The SEC Is Considering Greenhouse-Gas Emission Disclosures from Company Filings | ETF Trends

In its fight against climate change, U.S. regulators are outlining more stringent rules for publicly traded companies to report on greenhouse gas emissions and associated risks.

Members of the Securities and Exchange Commission voted 3-1 on the new proposal that would require public companies to provide clearer estimates of direct and indirect greenhouse gas emissions, the Wall Street Journal reports. The proposal will be open for public comment for at least two months before a rule will be finalized.

The new rule would force publicly traded companies to disclose greenhouse-gas emissions from operations along with the energy they consume. Companies would also have to obtain independent certification of estimates. Firms could even be required to report on greenhouse-gas output from both their supply chains and consumers, or so-called Scope 3 emissions. The information would be included in SEC filings like annual reports.

Republicans and some industry groups are expected to fight the proposals, arguing that the rules would be an onerous burden due to increased compliance costs and would go beyond the normal SEC purview to protect investors by requiring disclosures relevant to financial performance.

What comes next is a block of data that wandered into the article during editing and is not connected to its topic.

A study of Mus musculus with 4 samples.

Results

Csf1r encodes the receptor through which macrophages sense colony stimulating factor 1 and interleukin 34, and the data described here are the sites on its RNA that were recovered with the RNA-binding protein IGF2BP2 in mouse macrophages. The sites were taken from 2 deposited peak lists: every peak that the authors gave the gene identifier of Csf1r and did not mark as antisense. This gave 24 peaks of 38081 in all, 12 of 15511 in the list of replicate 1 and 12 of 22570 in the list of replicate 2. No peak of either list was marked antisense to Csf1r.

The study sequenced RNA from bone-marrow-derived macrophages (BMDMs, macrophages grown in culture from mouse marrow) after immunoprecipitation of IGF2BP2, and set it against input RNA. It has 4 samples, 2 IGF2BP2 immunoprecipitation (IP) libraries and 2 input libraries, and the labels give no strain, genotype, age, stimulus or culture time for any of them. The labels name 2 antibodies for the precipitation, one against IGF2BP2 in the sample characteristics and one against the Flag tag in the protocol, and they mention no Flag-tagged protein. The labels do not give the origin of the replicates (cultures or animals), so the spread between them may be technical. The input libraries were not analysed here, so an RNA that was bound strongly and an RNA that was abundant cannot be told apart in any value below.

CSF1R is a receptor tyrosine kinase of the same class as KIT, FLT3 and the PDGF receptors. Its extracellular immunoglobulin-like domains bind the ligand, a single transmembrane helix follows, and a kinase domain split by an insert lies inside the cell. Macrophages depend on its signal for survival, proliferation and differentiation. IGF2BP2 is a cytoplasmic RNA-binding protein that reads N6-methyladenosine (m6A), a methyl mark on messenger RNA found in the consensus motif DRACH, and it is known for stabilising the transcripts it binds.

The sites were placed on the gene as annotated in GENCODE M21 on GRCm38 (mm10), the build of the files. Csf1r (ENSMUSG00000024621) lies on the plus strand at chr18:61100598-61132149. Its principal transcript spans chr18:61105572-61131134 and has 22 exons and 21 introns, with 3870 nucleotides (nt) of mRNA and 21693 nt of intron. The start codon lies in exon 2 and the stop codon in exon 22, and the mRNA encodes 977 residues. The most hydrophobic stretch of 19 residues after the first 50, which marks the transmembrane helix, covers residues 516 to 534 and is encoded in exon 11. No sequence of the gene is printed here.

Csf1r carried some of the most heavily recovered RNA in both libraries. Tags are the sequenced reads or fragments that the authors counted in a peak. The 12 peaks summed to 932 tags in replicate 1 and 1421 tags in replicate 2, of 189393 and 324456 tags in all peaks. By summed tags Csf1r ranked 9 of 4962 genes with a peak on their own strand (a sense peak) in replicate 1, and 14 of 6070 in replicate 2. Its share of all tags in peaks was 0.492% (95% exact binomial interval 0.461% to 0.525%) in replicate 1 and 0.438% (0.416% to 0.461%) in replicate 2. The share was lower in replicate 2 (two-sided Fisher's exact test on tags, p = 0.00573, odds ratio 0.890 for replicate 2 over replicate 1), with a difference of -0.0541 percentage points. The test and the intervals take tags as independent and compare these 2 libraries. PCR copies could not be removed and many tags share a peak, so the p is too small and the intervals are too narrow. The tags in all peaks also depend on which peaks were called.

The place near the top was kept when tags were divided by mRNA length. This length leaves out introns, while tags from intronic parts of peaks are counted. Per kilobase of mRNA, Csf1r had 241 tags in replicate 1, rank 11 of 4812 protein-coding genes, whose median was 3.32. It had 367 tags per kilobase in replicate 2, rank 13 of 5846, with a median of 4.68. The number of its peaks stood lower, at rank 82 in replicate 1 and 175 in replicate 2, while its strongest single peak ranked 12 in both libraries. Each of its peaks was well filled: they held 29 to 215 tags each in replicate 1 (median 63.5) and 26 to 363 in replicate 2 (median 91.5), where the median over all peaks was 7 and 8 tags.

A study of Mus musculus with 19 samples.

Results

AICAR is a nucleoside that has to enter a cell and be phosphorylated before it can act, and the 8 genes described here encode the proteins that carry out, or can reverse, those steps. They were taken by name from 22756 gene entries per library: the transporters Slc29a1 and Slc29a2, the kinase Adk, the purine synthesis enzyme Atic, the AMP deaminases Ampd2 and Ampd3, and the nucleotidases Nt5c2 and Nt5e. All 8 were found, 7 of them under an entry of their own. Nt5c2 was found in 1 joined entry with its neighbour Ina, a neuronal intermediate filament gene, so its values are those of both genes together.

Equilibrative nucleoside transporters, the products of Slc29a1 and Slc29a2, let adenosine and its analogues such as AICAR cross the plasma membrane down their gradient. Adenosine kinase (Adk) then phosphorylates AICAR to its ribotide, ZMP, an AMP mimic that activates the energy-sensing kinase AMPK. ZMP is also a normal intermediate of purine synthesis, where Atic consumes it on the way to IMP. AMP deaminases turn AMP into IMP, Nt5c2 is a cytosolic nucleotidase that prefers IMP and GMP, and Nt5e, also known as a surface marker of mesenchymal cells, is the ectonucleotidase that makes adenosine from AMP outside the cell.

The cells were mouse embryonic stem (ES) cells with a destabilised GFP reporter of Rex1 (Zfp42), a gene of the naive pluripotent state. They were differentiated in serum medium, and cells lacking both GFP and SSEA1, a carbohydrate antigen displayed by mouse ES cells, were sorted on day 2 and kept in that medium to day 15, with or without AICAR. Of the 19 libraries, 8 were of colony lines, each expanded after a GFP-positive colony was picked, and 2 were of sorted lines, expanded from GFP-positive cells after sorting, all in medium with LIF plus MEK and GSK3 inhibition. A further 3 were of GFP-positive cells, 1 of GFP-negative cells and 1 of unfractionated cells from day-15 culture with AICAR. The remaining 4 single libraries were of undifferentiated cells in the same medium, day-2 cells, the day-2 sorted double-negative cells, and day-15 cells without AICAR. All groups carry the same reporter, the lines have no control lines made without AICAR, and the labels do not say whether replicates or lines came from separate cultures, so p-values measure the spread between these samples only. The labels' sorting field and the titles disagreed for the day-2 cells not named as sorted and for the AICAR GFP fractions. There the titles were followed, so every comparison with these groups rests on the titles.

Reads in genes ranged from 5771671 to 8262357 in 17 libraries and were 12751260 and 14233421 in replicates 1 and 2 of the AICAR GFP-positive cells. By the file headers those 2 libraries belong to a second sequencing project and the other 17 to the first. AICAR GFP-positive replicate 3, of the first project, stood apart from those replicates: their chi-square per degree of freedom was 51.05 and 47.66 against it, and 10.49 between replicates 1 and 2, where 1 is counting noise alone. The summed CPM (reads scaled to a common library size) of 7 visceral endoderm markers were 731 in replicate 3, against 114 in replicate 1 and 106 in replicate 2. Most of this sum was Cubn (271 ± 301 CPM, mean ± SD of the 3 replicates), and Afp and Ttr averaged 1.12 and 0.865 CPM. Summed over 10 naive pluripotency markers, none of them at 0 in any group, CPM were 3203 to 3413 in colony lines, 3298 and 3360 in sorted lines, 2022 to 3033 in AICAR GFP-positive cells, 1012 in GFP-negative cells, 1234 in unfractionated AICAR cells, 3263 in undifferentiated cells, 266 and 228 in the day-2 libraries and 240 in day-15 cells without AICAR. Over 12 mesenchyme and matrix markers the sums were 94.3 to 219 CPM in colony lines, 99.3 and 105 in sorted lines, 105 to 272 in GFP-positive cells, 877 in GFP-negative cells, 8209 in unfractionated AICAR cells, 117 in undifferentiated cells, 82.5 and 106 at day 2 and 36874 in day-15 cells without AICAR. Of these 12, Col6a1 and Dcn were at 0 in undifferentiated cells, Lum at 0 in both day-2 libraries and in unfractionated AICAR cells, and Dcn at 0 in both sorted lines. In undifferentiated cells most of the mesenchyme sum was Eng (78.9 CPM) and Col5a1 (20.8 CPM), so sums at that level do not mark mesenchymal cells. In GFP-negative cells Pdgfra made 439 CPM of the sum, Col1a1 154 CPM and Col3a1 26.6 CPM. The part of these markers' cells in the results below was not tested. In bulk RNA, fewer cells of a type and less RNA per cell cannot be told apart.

The proposal comes after President Joe Biden’s global climate change actions stalled in Congress, which has forced the administration to look to other avenues such as regulatory agencies to deliver on his campaign trail promises. However, this reach around has drawn criticism from Republicans.

“Today’s action hijacks the democratic process and disrespects the limited scope of authority that Congress gave to the SEC,” Sen. Pat Toomey (R., Pa.) told the WSJ. “This is a thinly veiled effort to have unelected financial regulators set climate and energy policy for America.”

On the other hand, Democratic SEC Chairman Gary Gensler contended that investors and asset managers are already pushing for companies’ climate-related disclosures to be more standardized. The SEC has explained that the current disclosures are inconsistent among those companies providing information on carbon emissions and hard for investors to compare.

“Companies and investors alike would benefit from the clear rules of the road proposed in this release,” Gensler said in a statement.